Cookie Legislation – what’s the deal?
June 18, 2012
In May 2011, a new EU directive issued by the Information Commissioner’s Office (ICO) came into effect that requires website owners to inform their visitors about the Cookies their site uses.
One year later and as of May 26th 2012, the law is now fully in effect and examples of companies and their spin on compliance are starting to appear.
The new law states that for certain types of Cookie, websites must give the end user a choice whether to accept their use or not. If they disable Cookies, their user experience will be affected a great deal for some websites and other services such as website tracking will cease to work.
Although the terms of the law are currently vague, and there is a lot of debate about which Cookie’s are essential for your website to operate (essential Cookies do not require consent), it is deemed that as long as you are making an effort to inform your end-users about the Cookie’s that are being used on your site and obtaining consent to use them, that should be sufficient to show you are making steps towards compliance.
What’s a cookie?
A Cookie is a small text file saved by your browser that is used to store information that can be used on subsequent visits.
Cookies are used by almost all websites for a variety of purposes including:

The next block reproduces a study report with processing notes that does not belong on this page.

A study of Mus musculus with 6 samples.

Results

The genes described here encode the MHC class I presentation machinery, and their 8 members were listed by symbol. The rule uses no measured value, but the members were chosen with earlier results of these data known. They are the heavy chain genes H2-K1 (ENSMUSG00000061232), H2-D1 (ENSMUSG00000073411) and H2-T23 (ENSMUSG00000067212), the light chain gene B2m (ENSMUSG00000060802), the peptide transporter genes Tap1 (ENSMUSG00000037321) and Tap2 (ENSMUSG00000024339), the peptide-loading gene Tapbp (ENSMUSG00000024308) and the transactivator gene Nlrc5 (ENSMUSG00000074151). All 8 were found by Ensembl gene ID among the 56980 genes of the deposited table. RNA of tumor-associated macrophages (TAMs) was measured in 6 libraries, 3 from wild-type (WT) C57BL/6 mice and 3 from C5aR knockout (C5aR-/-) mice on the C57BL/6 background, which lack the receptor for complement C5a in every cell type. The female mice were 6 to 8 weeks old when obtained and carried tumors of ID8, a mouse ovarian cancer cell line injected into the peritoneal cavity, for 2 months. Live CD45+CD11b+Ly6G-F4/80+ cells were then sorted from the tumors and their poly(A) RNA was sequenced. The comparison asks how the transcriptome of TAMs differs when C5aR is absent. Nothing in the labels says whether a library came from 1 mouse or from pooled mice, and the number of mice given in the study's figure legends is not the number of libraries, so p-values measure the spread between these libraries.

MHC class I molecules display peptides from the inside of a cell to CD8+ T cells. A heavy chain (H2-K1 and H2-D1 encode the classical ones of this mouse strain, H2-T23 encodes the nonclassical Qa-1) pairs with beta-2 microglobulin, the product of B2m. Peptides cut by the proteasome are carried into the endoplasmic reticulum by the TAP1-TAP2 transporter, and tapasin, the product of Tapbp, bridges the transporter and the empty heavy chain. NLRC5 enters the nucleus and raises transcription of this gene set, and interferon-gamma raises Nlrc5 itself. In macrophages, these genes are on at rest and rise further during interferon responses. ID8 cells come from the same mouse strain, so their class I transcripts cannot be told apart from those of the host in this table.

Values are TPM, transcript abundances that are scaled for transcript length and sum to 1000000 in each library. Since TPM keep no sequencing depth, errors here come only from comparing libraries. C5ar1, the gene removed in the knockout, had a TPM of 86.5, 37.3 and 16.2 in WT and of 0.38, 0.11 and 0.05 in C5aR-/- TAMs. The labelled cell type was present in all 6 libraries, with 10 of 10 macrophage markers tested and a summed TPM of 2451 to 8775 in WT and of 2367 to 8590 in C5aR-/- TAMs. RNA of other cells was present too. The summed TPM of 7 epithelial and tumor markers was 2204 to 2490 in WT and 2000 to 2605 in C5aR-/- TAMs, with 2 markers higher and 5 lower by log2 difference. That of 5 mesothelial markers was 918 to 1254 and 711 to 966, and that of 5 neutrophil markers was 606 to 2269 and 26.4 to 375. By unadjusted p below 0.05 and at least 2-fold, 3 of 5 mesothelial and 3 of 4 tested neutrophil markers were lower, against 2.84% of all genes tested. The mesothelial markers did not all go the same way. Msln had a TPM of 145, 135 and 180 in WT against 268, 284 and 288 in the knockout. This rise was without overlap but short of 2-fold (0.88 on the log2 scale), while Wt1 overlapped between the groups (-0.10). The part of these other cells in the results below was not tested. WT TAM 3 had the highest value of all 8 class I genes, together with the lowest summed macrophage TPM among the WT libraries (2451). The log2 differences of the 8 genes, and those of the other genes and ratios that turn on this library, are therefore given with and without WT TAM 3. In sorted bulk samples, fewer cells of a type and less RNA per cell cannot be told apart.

- Website analytics
- Personalise websites and user preferences
- Shopping carts
- Targeted advertising
Without Cookie’s, you wouldn’t be able to do simple things like log on to a website, use an ecommerce shopping cart or most other things you take for granted while browsing the web.
So, what do I need to do?
The ICO has recommended three steps towards compliancy:
- Perform a cookie audit to establish what cookies are used on your site
- Assess how intrusive these cookies are
- Where consent is needed, decide what method to obtain it is best in your circumstances
Obtaining consent for Cookies to be used can be achieved in a number of ways depending on what Cookies are used. A number of high profile websites such as the BBC, Financial Times and Channel 4 have demonstrated different ways of obtaining consent, most it would seem are operating a simple banner advising of cookie use and the steps required to disable cookie’s if that is what is wanted.
That is a similar method adopted by Spinbox Media – an overlay appears unobtrusively in the bottom right of your screen advising of cookie use and respectively, where to find information about cookies and how to disable them, if required.
What happens if I do not comply?
The maximum penalty for non-compliance is £500,000 for a serious breach. The ICO have made it clear however that the top penalty has been reserved for serious offenders of the law.
Our advice is as follows:
- Perform a cookie audit on your website to establish what cookies are used
- Create a cookie-policy page that outlines what a cookie is what cookies your site uses, and how to disable them if required
- Provide a link to that page in a prominent place
If you want to comply with the new law, please call Spinbox Media today on 0845 094 2341 or email email@example.com.
An example of how we will be complying with the law can be seen here.